Maggi Hambling CBE is a celebrated and sometimes controversial British artist.

She was the first artist in residence at the National Gallery and has work in The National Portrait Gallery, The V&A, The British Museum, The Tate Collection, and the Scottish National Collection of Modern Art, among many others.

Maggi Hambling is particularly well known for her controversial public sculptures (such as the recent memorial for Mary Wollstonecraft), seascapes and landscapes, and portraits of the dying and dead.

Her portrait Frances Rose (2) is part of The Jerwood Collection and is on show in The Curator’s Choice.  She was the joint winner of the Jerwood Painting Prize in 1995, together with Patrick Caulfield.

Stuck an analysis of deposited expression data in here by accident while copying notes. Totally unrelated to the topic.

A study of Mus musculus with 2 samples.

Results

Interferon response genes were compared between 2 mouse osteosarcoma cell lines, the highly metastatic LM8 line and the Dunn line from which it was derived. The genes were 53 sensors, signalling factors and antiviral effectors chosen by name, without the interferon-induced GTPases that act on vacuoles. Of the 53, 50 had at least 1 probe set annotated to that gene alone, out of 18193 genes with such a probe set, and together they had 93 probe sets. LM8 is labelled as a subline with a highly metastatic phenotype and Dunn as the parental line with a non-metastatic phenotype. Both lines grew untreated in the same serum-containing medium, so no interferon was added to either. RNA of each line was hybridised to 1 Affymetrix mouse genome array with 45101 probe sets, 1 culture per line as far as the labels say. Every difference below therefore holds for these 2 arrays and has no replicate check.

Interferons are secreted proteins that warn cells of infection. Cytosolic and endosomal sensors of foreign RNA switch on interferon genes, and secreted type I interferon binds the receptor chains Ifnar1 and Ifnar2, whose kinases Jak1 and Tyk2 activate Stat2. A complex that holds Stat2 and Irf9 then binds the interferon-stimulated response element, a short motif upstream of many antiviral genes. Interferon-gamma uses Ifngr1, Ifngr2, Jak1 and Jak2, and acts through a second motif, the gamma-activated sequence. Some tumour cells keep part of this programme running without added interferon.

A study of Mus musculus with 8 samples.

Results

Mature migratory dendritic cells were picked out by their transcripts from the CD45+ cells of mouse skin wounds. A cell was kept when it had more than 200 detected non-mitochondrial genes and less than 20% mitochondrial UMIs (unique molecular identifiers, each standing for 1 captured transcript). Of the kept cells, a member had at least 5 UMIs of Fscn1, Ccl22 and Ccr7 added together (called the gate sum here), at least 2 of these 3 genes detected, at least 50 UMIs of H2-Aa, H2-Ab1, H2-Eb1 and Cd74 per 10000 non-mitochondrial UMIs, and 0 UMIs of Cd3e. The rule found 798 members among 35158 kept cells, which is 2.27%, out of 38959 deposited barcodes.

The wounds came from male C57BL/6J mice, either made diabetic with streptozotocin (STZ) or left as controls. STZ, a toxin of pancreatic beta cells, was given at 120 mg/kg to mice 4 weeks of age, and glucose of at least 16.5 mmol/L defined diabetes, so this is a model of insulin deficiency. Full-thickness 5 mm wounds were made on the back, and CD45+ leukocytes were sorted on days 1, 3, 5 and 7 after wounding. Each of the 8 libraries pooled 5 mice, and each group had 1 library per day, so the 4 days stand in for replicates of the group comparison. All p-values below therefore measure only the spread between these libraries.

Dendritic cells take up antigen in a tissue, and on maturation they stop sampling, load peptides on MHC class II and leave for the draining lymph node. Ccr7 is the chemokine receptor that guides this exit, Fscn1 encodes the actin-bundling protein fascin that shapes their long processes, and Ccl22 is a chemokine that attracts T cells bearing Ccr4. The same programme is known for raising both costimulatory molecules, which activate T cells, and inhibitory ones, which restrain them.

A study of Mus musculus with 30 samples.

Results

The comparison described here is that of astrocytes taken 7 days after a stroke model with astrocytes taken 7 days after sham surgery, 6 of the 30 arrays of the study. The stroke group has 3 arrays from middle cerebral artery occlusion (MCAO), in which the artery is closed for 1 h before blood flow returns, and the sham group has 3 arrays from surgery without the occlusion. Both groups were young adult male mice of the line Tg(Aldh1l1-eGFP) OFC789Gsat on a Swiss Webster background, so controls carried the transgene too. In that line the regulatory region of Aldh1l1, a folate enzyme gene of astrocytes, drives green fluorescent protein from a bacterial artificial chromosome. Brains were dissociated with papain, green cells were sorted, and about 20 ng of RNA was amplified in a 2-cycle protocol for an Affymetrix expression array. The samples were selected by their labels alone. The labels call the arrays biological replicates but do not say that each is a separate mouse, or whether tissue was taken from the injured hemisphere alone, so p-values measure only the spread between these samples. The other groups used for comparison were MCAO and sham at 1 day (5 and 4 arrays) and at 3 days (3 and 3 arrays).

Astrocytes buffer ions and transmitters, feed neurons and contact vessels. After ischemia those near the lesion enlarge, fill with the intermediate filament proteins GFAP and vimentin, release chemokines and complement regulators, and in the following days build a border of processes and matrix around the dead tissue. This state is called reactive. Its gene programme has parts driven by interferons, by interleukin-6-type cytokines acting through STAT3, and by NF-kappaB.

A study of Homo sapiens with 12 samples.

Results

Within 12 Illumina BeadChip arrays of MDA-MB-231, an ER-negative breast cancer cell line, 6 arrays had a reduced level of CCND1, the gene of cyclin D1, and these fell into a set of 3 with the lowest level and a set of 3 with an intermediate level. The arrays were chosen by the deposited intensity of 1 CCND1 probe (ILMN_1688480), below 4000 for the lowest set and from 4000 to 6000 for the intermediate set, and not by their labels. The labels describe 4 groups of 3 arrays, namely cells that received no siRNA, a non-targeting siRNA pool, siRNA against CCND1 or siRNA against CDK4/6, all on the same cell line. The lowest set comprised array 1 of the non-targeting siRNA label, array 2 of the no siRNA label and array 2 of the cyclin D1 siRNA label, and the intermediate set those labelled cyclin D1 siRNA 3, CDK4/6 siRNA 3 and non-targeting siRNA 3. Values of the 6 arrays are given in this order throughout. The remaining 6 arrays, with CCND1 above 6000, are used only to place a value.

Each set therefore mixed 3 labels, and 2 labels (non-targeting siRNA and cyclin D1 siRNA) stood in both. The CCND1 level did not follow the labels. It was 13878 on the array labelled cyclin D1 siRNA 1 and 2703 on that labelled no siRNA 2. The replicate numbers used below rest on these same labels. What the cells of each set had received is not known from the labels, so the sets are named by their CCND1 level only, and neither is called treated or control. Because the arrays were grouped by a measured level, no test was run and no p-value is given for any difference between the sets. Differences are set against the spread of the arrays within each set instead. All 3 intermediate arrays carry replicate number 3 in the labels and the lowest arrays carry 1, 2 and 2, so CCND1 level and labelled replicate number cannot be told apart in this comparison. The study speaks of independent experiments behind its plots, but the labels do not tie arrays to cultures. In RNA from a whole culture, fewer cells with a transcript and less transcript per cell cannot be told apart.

Visitors to the exhibition can listen to an interview with Maggi Hambling as she describes how her portraits evolved, from working from memory to her thickly applied and more abstract ‘pudding’ paintings, through to painting again from life.

In this extract she describes painting a series of four portraits of Frances Rose:

I asked my neighbour, the old lady Frances Rose, in her 80’s then, who was a friend of mine. I would go and take her some Guinness and I would drink some Barley Wine.


The first one was done from a drawing, the second one done from life, the third one, a little head and shoulders, from life, and the fourth one from memory because I was with her when she died on Clapham Common. A hospital – that was a hospital for women on Clapham Common – that doesn’t exist anymore. And I was with her there the afternoon that she died. She was the first death I had registered really. And I did a painting from memory of that.


She loved posing, she really got quite cross when I moved on to have other sitters.